Has anyone here read Caitlin Moran’s How To Be a Woman?
I’ve been re-reading it for the second time, and came across this on page 212:
“Before the high street, women would make their own clothes, or see a dressmaker, so that everything we wore was an honest expression of who we were, and what we were comfortable with – within the constraints of fashion at the time, anyway.
With the advent of mass fashion, however, not a single item of clothing sold is ‘for’ the woman who buys it. Everything we see in Topshop and Zara and Mango and Urban Outfitters and Next and Peacocks and New Look is made for a wholly imaginary woman – an idea in the designer’s head – and we buy it if we like it, say 70 per cent. That’s about as good as it gets. We rarely, if ever, find something that is 100 per cent ‘us’, and that we truly desire – although we never admit this to ourselves. Most women are walking around in things they’re imagining to be that little bit better. An inch longer here. Without that braiding. In a slightly darker blue. It’s the first thing we say to each other: “I wish they’d had it without the collar!”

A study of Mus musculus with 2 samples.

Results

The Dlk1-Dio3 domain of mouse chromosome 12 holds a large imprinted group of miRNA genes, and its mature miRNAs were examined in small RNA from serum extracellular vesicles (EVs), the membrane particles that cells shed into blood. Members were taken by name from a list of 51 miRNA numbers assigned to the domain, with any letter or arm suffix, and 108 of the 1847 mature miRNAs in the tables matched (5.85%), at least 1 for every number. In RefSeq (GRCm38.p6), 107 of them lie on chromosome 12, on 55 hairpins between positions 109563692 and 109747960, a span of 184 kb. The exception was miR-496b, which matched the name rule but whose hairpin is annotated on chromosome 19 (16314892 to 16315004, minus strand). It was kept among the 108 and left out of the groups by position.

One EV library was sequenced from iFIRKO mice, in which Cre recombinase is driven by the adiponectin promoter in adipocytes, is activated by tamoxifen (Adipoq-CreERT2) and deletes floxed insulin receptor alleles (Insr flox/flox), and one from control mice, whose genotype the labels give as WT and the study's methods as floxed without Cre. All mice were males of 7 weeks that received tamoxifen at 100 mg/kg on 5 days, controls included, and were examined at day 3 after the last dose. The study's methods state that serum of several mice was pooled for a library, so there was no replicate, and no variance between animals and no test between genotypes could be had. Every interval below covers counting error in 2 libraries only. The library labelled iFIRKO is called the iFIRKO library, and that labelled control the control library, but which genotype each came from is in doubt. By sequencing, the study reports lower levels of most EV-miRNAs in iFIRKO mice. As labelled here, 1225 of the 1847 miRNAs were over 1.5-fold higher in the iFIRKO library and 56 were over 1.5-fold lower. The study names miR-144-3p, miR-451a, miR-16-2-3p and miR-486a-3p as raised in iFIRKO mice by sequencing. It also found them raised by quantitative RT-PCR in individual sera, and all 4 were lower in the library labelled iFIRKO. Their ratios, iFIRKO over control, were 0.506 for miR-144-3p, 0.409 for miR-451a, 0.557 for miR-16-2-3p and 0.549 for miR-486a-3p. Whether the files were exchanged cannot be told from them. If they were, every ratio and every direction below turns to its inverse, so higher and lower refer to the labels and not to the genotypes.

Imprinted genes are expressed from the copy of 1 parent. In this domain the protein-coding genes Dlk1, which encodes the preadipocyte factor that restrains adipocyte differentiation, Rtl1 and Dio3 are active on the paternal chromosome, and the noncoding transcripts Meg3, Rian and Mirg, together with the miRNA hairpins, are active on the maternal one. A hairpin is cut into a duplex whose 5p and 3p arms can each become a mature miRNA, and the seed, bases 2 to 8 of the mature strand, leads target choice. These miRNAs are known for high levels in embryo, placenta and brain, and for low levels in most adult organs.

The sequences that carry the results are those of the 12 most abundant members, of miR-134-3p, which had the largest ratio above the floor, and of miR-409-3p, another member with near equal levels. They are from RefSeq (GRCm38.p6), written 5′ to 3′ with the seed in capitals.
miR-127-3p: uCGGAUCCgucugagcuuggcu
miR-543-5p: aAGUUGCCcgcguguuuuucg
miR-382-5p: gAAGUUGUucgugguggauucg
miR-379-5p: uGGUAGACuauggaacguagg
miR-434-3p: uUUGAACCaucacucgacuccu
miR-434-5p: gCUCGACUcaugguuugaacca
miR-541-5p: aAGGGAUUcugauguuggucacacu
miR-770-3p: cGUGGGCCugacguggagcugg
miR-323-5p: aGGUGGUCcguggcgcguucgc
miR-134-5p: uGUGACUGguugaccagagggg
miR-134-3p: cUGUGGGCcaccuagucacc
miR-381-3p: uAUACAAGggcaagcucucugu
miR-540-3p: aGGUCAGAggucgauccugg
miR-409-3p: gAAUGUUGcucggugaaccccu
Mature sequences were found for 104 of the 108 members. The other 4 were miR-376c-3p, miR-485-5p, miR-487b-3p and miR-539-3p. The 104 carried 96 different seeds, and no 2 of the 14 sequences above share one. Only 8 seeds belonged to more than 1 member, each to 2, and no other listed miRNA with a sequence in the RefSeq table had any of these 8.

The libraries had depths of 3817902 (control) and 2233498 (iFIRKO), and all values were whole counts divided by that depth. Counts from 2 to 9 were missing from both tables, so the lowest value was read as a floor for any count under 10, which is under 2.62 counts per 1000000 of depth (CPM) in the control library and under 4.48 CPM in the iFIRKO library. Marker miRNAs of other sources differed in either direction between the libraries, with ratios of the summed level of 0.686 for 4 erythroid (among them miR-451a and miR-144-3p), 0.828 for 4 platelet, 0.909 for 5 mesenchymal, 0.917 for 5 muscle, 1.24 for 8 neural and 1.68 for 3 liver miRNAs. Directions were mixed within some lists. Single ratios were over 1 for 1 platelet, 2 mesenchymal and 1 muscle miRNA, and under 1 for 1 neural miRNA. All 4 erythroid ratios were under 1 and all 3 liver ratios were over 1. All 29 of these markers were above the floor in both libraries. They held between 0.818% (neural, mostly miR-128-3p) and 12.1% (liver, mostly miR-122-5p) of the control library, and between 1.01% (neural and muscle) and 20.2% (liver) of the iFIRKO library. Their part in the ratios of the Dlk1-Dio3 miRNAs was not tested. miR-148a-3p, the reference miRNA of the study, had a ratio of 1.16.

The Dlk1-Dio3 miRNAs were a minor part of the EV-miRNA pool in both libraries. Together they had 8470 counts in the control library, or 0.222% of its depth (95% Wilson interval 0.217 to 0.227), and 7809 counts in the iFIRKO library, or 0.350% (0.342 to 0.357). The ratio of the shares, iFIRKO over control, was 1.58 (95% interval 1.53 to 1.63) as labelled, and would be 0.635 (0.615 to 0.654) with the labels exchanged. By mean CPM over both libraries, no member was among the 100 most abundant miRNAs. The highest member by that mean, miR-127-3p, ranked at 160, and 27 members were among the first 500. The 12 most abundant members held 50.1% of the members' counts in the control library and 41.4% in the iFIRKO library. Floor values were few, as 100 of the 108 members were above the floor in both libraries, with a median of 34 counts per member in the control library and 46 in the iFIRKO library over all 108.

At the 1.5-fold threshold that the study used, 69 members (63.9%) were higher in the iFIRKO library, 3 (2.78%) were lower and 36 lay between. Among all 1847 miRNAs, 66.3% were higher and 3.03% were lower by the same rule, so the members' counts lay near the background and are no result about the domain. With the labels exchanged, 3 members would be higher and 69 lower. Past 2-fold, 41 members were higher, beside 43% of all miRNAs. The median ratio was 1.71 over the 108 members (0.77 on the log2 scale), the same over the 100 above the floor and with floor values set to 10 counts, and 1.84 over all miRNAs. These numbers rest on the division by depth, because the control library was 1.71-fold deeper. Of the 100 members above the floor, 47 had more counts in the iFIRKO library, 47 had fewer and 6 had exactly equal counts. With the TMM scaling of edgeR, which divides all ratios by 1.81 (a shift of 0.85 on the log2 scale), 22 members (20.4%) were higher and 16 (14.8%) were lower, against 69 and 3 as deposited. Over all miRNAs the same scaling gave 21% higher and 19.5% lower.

Because if you know I don’t like the collar, then you’ll know who I’m really trying to be.”
I’ve lost count of the amount of garments I’ve bought which don’t quite fit the bill. The beauty of sewing and refashioning your own means you’re completely in control of this process. Making something from scratch means absolutely every detail is up to you.
In this respect, it’d be interesting to take a look at sewing from a feminist perspective. After all, sewing for yourself isn’t sewing for some “imaginary woman”. You’re in control of every detail, and you don’t have to ‘make do’ with a garment which doesn’t quite fit you.
It’s food for thought at any rate. Moran and I may not agree on high heels, but I think she’s spot on with the clothing industry here. What do you think?